Read this chapter to examine consumption and its determinants within the aggregate expenditures model. Consumption is the largest component of Aggregate Demand the United States, therefore, the factors that determine consumption, also determine the success of the economy.
Using a large-scale model of the U.S. economy to simulate the effects of government policies, Princeton University professor Alan Blinder and Moody Analytics chief economist Mark Zandi concluded that the expansionary fiscal, monetary, and other policies aimed at relieving the financial crisis (such as the Troubled Asset Relief Program, or TARP) worked together from 2008 onward to effectively combat the Great Recession and probably kept it from turning into the Great Depression 2.0. Specifically, they estimated that U.S. GDP would have fallen about 12% peak-to-trough and that the unemployment rate would have hit 16.5% without these policies, instead of GDP declining about 4% and the unemployment rate reaching about 10%. While they attribute the bulk of the improvement to monetary and other financial policies, they found that fiscal policies also played a substantial role. For example, they concluded that fiscal stimulus added more than 3% to real GDP in 2010.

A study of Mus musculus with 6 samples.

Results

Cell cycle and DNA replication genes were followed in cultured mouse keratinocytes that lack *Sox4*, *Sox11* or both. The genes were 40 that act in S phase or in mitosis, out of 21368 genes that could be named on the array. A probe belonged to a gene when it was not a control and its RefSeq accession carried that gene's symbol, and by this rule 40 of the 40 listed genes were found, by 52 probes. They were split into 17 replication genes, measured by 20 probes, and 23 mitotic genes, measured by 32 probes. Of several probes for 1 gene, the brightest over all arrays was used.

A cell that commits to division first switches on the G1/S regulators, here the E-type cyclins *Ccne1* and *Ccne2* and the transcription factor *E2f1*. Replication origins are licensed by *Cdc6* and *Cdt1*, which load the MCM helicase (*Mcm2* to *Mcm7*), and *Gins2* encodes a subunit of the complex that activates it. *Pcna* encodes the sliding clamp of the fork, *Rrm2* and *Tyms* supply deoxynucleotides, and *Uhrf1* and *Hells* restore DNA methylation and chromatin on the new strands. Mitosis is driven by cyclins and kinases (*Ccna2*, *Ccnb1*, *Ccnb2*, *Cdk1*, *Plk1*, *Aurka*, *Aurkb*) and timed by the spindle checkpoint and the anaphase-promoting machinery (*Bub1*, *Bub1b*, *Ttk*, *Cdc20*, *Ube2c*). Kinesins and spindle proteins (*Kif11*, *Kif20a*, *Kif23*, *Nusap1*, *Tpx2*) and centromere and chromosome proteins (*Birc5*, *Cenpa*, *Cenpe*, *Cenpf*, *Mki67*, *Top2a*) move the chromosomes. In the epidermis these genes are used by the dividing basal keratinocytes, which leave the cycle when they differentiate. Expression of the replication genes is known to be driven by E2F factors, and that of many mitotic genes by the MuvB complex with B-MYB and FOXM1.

How much did the different components of the fiscal policies contribute? The following table provides estimates for the multiplied effects of various stimulus measures that were considered. In general, they estimate a stronger "bang for the buck," or multiplier, from spending increases than from tax cuts.
|Tax cuts||Bang for the buck|
|Nonrefundable lump-sum tax rebate||1.01|
|Refundable lump-sum tax rebate||1.22|
|Temporary tax cuts|
|Payroll tax holiday||1.24|
|Across-the-board tax cut||1.02|
|Permanent tax cuts|
|Extend alternative minimum tax patch||0.51|
|Make Bush income tax cuts permanent||0.32|
|Make dividend and capital gains tax cuts permanent||0.32|
|Extending UI benefits||1.61|
|Temporary increase in food stamps||1.74|
|General aid to state governments||1.41|
|Increased infrastructure spending||1.57|
While Blinder and Zandy acknowledge that no one can know for sure what would have happened without the policy responses and that not all aspects of the programs were perfectly designed or implemented, they feel strongly that the aggressive policies were, overall, appropriate and worth taking.